It’s always in poor taste to blame the victim in a sexual harassment case or imply that they “deserved it” by their actions or because of the clothing they wore. In comments defending Roy Moore, the Senate candidate who is facing allegations he had an inappropriate relationship with a 14-year-old girl when he was in his 30s, an Alabama politician has blown right through that line and created a whole new level of stupid.
Wow. This defense of Roy Moore from AL state Auditor Jim Ziegler:
"Take Joseph and Mary. Mary was a teenager and Joseph was an adult carpenter. They became parents of Jesus.”https://t.co/IhaWiCEFmq
— Aaron Blake (@AaronBlake) November 9, 2017
I’m not sure what’s more alarming: Ziegler’s heresy, or the fact that he’s been elected to statewide office?
Taking this thought train to its logical conclusion, Ziegler seems to be saying that if the allegations are true, if the 14-year-old had just had sex with Moore, they could have been the parents of deity. Or is he saying there could have been an immaculate conception? Hmmm.
That wasn’t Ziegler’s only Biblical example.
“Take the Bible. Zachariah and Elizabeth for instance. Zachariah was extremely old to marry Elizabeth and they became the parents of John the Baptist.”
Still not convinced by that dazzling display of theological “justification”? Perhaps you’ll enjoy Ziegler’s other rationalizations:
Ziegler…told the Washington Examiner that any political concern would be mitigated by three things. Moore never had “sexual intercourse” with the girl. Their relationship “happened almost 40 years ago.” And finally, “Roy Moore fell in love with one of the younger women.”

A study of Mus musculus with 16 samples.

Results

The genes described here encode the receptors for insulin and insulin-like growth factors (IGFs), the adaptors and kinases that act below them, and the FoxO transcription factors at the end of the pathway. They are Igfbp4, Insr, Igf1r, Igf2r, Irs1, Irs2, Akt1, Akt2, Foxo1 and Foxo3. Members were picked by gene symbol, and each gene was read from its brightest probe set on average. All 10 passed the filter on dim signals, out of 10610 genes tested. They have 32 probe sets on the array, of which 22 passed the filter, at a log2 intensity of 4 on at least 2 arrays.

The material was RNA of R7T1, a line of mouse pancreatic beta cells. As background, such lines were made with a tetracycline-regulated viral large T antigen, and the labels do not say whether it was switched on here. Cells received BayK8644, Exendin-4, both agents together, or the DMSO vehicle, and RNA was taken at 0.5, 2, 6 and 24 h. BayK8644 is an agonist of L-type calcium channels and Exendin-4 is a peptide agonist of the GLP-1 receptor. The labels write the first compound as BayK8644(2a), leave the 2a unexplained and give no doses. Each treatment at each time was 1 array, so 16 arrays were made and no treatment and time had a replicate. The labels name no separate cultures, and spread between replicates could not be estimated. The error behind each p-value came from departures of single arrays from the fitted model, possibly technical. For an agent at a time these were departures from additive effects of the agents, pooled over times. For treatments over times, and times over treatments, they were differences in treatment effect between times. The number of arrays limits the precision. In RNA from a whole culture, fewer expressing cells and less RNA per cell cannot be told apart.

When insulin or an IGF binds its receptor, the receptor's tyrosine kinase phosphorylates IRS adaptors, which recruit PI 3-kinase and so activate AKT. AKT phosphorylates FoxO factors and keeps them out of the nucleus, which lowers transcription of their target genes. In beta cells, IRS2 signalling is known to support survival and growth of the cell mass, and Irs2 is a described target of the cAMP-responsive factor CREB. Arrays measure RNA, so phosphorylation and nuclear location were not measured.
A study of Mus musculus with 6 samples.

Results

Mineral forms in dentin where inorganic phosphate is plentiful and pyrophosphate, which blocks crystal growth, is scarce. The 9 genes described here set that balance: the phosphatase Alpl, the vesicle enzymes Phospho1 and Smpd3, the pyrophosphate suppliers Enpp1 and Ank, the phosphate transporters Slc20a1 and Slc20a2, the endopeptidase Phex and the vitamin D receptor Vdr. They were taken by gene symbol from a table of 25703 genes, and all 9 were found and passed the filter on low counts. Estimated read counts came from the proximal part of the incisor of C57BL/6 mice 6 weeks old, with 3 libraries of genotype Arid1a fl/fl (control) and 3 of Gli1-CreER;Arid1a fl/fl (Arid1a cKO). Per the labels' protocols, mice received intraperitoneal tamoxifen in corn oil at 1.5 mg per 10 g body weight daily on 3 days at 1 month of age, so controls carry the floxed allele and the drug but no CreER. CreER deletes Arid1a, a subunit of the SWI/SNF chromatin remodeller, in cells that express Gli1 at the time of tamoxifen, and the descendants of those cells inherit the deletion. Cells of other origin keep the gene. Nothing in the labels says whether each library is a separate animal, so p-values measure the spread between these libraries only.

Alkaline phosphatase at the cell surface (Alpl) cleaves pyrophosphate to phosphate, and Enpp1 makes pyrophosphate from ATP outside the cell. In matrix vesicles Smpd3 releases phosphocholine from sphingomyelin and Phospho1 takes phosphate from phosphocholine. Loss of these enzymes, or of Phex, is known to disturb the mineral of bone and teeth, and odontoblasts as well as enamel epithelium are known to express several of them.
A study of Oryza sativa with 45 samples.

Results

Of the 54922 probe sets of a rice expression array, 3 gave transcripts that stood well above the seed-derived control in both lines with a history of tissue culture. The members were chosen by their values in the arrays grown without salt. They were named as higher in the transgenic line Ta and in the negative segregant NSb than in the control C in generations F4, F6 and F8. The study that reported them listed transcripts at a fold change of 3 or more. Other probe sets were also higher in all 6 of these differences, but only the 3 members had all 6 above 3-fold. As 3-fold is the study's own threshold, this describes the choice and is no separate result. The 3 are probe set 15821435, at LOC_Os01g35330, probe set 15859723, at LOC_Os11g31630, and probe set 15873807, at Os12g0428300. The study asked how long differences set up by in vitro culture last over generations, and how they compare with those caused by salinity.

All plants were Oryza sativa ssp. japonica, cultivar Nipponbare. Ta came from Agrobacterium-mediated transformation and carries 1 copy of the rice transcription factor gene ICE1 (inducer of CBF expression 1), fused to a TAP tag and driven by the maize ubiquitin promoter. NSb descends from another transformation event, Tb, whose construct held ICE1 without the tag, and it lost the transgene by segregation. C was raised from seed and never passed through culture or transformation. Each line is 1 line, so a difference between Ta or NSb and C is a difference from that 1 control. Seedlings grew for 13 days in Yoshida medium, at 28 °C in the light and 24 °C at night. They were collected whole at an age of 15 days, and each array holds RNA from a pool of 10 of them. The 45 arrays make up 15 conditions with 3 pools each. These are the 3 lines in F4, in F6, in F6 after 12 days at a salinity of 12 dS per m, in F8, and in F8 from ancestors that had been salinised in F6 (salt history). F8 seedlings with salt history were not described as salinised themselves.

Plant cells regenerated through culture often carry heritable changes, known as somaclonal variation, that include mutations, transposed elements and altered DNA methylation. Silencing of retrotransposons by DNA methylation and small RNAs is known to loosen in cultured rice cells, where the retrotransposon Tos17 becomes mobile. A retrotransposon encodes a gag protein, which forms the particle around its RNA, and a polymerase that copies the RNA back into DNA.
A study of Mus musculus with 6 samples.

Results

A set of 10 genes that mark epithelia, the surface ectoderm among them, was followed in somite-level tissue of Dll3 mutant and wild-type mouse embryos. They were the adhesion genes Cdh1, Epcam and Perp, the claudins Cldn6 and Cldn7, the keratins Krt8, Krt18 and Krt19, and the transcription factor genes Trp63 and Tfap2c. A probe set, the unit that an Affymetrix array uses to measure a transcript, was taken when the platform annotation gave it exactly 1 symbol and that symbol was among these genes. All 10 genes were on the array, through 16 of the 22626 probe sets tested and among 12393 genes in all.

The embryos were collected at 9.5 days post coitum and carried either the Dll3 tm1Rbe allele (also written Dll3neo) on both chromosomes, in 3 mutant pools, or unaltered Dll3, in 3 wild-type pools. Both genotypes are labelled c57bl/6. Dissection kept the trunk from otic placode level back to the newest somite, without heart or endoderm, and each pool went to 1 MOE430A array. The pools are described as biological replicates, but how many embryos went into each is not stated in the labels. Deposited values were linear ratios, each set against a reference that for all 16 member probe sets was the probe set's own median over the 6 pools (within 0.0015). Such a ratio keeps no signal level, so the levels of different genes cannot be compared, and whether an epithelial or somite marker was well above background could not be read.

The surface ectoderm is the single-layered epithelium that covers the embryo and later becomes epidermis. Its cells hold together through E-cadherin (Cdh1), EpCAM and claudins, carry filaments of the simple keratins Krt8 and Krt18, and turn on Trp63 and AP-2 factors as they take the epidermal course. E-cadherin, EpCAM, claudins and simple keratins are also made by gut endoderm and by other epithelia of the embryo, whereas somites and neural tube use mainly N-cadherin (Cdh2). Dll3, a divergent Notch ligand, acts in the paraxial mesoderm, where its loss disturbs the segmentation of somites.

Mr. Ziegler, if a man rapes a woman and falls in love with her, does that make it okay? Or if he just penetrates her with his finger or another object, that’s okay politically? Because, newsflash, THAT is rape.
It’s easy to laugh at such inane statements, but the fact that Ziegler believes this and felt safe expressing this belief to a reporter is terrifying. Ziegler’s words are the kind you would expect to hear a sociopathic serial sexual abuser saying to a victim. “Come on, it’s okay if I touch you. Mary was a teenager… don’t you want to be like Mary?”
Ziegler’s words perpetuate the coastal elites’ stereotype of the South as a backwater place filled with Bible-thumping predators who pervert their religion and twist theology to convince women to have sex with them.
But most of all, his justifications (if the allegations are true) are reprehensible.